McDonald’s Corp. is selling bonds in pounds for the first time since 2002 as the world’s largest restaurant chain seeks to boost returns to shareholders.
The company is marketing 300 million pounds ($503 million) of 40-year notes as well as 400 million euros ($545 million) of 15-year bonds and $500 million of 10-year securities, according to people familiar with the sales.
McDonald’s plans to return as much as $20 billion to shareholders by 2016 through dividends and share buybacks, as much as 20 percent more than in the previous two years, the Illinois-based company said in a May 28 statement. Chief Financial Officer Pete Bensen said in March the company can “probably get more aggressive,” with its borrowing and still retain its credit rating.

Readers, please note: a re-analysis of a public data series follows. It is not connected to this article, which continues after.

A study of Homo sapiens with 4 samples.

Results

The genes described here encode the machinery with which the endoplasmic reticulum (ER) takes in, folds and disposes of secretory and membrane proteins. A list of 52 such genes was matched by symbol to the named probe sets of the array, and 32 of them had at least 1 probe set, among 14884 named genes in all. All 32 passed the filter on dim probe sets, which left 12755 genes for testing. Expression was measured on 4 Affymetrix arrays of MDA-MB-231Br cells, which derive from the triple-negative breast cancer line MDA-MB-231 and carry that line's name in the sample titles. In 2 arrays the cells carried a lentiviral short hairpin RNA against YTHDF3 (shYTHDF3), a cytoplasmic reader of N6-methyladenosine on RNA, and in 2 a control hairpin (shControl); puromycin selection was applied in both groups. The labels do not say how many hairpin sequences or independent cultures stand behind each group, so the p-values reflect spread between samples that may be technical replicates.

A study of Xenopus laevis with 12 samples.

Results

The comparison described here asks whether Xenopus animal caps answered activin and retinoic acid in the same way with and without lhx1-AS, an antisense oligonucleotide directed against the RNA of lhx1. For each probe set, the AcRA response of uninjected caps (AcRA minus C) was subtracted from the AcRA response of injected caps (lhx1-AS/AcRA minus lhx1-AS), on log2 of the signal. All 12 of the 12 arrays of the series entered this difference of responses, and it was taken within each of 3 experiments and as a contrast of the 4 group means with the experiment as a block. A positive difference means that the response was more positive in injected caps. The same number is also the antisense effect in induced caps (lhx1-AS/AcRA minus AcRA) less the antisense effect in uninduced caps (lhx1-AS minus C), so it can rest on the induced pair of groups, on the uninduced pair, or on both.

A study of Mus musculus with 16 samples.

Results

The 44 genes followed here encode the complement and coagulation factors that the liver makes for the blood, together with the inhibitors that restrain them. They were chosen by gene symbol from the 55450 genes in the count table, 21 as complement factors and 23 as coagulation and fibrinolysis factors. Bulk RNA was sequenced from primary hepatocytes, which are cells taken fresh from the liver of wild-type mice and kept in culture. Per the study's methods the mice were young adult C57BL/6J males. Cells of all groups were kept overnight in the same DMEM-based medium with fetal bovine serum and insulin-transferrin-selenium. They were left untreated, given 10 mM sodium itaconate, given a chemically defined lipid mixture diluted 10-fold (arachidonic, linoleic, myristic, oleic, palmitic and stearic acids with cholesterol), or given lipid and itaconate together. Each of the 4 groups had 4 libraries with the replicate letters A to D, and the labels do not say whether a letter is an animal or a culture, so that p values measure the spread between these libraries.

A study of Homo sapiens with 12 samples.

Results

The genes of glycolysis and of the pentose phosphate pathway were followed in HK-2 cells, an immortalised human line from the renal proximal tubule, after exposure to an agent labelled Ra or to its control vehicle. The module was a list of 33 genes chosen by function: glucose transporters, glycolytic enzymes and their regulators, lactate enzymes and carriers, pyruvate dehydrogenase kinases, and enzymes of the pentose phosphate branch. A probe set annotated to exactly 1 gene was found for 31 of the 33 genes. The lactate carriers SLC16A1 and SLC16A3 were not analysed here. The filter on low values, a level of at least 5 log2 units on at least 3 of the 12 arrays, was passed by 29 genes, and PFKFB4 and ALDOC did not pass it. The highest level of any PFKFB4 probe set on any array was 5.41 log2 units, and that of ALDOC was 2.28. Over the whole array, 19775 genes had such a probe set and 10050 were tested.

McDonald’s bonds in pounds will be priced to yield 73 basis points more than U.K. government debt and the euro securities will yield 63 basis points more than the mid-swap rate, said the people, who asked not to be identified because they’re not authorized to speak about it.
“This is a standard business transaction for a global corporation such as McDonald’s,” Becca Hary, a company spokeswoman, wrote in an e-mail. “We’re taking advantage of favorable conditions and rates.”
The company joins AT&T Inc. among U.S. companies crossing the Atlantic to raise money. The wireless carrier is selling a total 2.1 billion euros of 10- and 20-year bonds as it seeks to finance its $48.5 billion acquisition of DirecTV.
The cost of borrowing in euros instead of dollars approached the biggest discount in more than five years, with the spread widening to 1.42 percentage points, according to Bank of America Merrill Lynch index data.
(An earlier version of this story was corrected to show McDonald’s sold bonds in pounds in 2002.)